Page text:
It's been more than two months since the Great Graffiti Debacle of September, and Slate still has some Arcade Fire outrage left to muster. See, the Montreal group has just announced a 2014 world tour, and it's a bit of a stadium tour—"Target Center," "KFC Yum Center," venues of that ilk.

But the corporate-branded arenas aren't enough to get the band to ditch the "formal attire or costume" dress code that's been in place for its secret shows as The Reflektors.  Slate's Megan Wiegand isn't playing along:

For most of us, formal attire is reserved for weddings or special nights out. Trying to force otherwise ordinary rock shows into the special category strikes me as presumptuous—an attempt to reinforce the band’s status as capital-A Artists. But Arcade Fire is no longer an indie darling playing intimate general-admission venues: They’re releasing albums that top pop charts and playing arenas named for the likes of Verizon, Pepsi, and Comcast

But the attire requirement is hardly the most inconvenient or baffling aspect of the tour. Did we mention the dates—the bulk of them, at least—are taking place next spring and summer? If you live in Chicago, you've got to hurry to snatch a ticket for August 26. Boston's big night is August 19. Seems like a special enough occasion if you're willing to book a whole pregnancy term in advance.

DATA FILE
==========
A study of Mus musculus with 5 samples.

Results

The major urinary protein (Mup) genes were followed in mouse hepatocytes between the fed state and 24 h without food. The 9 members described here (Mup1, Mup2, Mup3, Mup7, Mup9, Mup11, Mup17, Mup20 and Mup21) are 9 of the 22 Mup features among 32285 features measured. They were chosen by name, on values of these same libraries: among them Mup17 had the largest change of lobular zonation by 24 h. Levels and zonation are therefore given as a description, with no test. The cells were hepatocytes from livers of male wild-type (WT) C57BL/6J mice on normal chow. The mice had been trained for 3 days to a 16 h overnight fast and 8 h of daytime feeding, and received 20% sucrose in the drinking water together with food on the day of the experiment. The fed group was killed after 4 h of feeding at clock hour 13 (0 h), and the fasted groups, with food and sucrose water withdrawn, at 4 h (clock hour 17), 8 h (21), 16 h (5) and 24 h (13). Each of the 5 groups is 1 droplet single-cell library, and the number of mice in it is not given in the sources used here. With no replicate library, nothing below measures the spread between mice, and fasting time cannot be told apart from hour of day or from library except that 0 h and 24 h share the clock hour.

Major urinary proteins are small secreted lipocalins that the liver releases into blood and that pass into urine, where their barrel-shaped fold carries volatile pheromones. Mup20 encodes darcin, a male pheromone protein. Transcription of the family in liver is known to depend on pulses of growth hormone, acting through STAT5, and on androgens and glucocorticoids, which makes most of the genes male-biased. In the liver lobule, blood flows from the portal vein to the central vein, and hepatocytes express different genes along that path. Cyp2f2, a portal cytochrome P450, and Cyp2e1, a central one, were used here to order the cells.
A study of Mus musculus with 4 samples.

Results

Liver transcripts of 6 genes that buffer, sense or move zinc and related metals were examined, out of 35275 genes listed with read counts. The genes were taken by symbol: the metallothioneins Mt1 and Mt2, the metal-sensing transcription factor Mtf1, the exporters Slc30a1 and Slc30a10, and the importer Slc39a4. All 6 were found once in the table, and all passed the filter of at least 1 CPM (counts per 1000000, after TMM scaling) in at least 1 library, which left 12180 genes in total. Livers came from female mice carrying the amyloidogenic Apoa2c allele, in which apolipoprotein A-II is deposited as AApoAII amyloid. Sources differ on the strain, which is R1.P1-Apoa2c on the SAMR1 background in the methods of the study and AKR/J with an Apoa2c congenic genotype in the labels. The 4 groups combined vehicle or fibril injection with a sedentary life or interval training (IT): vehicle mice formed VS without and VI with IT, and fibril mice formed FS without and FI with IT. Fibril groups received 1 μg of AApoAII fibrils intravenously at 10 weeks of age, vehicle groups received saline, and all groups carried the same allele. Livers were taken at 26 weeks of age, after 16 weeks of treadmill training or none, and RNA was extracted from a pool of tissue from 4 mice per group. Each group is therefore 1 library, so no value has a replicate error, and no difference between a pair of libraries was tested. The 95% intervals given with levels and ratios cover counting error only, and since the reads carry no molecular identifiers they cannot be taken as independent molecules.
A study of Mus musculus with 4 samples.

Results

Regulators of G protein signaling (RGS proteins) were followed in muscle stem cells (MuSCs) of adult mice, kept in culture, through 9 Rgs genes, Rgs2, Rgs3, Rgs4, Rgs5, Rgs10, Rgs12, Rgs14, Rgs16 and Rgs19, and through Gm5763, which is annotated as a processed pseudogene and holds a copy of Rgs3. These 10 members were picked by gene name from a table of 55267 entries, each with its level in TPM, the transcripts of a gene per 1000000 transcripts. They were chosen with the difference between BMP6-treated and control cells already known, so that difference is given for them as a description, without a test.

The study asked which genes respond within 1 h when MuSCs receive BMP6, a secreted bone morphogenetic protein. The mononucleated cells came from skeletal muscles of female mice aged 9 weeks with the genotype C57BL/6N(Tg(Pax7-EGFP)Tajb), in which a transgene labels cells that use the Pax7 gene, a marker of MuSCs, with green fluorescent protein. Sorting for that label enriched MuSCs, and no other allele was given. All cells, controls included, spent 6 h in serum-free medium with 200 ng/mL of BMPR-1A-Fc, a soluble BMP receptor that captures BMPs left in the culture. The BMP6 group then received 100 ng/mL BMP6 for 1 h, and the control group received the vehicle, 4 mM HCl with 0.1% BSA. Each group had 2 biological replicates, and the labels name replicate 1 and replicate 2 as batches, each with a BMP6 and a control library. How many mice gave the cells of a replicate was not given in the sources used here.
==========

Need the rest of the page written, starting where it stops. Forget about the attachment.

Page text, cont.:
None of which is to mention the prices themselves. A routine ticket is steep—$65 or more for a spot at Brooklyn's Barclays Center—but nothing compared to the absurd "VIP packages," which range from the "Reflektive Age Fan Package" ($200) to the "Here Comes the Night Time RES Package" ($325) and entail such gold-plated amenities as "early entrance to the venue," "pre-show Reflektor Kanaval with beer, wine, and appetizers," "on-site VIP host," and an "exclusive" gift bag. No word on whether Win Butler offers up a personal massage in the band's green room, though that seems warranted if you're coughing up $325 for a rock show. 

As we've previously discussed, critical reactions to the admittedly excellent Reflektor have done nothing but herald the band as the natural heir to yesteryear's classic rock giants—Talking Heads, U2, Bowie, and the like. Is it any wonder the band (and its handlers) have begun to believe it?